Pittsburgh Gets Real

Local non-profit tackling high absence rate for students with ‘Nanas’

PITTSBURGH — On a dark street, a warm glow radiates from Kathryn Sellers’ home. At 83, she’s up before the sun, and serving as a “Nana” from her kitchen table.

“I don’t know them all, they just know my voice,” Sellers said.

She’s part of a program with the non-profit Brashear Association and Arlington PreK-8 School addressing the high absence rate for students.

“I had nine children and they all got out of school I would love if I just help one child complete their education I would be more than happy,” Sellers said.

She calls Arlington moms every morning and she’s not the only one with a list.

“You have no idea the kind of energy that goes into helping these moms get themselves together, be together and be ready for the children to be together,” said Gwendalyn Dunn who’s a “Nana”.

But the barrier they face is a lack of transportation. This community school doesn’t offer busing for students who live within a mile and a half of the building.

“They are asking their little children as young as five to walk to school. It is a difficult walk because 1.5 miles is a long trek let’s talk about Pittsburgh weather, the safety of the neighborhood at times,” said Crystal Caldwell who’s the Principal at Arlington PreK-8.

That’s why the non-profit bought two vans. With drivers and nanas, they get 36 families up and on their way to school each day.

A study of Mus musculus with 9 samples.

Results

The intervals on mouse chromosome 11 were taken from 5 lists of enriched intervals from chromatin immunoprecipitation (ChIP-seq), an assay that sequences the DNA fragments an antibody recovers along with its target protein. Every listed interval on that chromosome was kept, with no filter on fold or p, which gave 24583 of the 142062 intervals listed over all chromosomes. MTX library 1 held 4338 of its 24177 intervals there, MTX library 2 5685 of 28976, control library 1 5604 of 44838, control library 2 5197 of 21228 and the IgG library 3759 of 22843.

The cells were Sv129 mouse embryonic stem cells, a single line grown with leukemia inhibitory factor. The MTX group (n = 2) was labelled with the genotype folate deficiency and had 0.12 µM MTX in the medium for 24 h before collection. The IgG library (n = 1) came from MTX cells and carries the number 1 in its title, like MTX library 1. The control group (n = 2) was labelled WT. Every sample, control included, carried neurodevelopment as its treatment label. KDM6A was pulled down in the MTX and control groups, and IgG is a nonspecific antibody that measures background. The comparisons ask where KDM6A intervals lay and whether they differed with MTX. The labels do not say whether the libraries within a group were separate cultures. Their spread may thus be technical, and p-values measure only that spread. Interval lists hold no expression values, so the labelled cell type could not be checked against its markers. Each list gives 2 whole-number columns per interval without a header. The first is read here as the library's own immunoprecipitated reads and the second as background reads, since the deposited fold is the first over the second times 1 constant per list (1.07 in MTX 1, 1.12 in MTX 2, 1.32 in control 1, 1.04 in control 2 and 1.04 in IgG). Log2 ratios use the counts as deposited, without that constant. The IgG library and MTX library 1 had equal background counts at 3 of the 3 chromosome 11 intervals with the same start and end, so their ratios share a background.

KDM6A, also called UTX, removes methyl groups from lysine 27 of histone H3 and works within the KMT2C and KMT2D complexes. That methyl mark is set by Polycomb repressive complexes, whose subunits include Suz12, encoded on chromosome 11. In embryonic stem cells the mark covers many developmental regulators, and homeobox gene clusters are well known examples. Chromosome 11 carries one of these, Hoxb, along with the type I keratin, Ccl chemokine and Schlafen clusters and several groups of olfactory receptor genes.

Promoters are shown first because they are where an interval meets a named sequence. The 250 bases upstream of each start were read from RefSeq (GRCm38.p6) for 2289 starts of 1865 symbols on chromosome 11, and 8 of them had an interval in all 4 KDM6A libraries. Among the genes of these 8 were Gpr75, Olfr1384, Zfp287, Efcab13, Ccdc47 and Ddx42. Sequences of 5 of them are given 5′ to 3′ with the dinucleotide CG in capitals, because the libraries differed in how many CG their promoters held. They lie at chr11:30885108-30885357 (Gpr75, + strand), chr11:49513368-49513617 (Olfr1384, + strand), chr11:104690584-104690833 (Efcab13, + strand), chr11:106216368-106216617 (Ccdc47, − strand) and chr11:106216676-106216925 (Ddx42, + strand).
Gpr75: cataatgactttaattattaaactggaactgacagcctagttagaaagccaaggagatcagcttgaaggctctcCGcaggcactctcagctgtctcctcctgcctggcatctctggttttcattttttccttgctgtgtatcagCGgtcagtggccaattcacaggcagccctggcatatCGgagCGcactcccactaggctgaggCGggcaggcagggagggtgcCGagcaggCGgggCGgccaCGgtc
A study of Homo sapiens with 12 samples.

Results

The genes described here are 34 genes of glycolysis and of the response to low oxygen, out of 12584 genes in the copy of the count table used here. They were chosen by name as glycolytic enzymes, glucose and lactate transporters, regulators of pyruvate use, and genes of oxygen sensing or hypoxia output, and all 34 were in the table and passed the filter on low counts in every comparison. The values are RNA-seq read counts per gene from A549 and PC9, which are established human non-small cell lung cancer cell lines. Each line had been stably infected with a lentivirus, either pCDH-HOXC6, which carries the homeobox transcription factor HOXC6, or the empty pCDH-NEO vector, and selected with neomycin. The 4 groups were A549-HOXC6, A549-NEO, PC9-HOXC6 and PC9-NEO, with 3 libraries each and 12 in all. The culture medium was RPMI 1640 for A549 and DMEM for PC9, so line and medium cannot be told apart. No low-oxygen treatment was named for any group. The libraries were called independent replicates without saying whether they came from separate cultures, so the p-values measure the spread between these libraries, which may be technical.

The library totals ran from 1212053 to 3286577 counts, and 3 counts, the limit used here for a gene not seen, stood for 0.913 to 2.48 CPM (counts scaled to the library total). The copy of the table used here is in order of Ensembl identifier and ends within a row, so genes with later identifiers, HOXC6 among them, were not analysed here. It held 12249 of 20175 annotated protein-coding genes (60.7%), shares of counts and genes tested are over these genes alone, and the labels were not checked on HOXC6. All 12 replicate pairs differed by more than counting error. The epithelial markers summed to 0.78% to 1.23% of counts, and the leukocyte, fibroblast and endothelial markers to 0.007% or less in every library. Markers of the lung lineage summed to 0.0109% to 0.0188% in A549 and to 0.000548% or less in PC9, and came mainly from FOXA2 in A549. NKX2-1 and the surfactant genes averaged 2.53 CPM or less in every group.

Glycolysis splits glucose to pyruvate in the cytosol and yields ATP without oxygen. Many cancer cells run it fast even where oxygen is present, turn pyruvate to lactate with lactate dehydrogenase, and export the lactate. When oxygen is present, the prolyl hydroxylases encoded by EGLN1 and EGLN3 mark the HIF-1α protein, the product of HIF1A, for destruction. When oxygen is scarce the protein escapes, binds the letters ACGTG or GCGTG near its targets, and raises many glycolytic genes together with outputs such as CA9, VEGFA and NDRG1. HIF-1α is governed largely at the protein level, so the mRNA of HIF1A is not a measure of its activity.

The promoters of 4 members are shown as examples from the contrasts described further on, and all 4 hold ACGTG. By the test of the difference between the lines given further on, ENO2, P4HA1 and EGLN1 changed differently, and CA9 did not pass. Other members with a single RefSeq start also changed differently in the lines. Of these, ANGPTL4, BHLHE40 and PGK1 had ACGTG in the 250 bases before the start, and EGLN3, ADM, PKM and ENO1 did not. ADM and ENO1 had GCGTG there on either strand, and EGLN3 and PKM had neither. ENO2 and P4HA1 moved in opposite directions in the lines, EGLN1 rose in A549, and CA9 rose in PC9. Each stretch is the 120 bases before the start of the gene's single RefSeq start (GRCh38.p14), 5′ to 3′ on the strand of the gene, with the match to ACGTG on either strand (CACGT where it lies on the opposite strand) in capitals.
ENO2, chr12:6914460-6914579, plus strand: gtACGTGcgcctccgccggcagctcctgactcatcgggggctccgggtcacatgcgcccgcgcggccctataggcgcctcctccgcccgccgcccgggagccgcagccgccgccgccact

“It also addresses tardiness. When children miss their first period class, they miss breakfast, and they are not as prepared for the day. So getting those first period classes in has improved their grades as well,” said Andrea Matthews who’s the Executive Director for the Brashear Association.

When you look at the numbers, chronic absenteeism is trending down at this school, over 15 percent more students in the classroom this year from when the program began two years ago.

“The success of the program comes from feedback that we get from the children. Ma who you talking to, I’m talking to Nana, is that my Nana? The children are involved ‘Mom did the Nana call this morning? ‘No not yet?’ ‘Well call her,’” Dunn said.

With a waiting list of nanas wanting to join and families in need, the hope is to grow the program.

“It’s that beautiful circle of our community filtering into the school and lifting up our future is exactly what this is about,” Caldwell said.

Right now, the Brashear Association has received its funding from PNC Foundation and grants with A+ Schools, but at this point, there is not enough funding for the next year. The non-profit plans to fundraise this summer to get it going, but if you’d like to donate you can find the information by clicking here and mark any donation for the “Nanas Program.”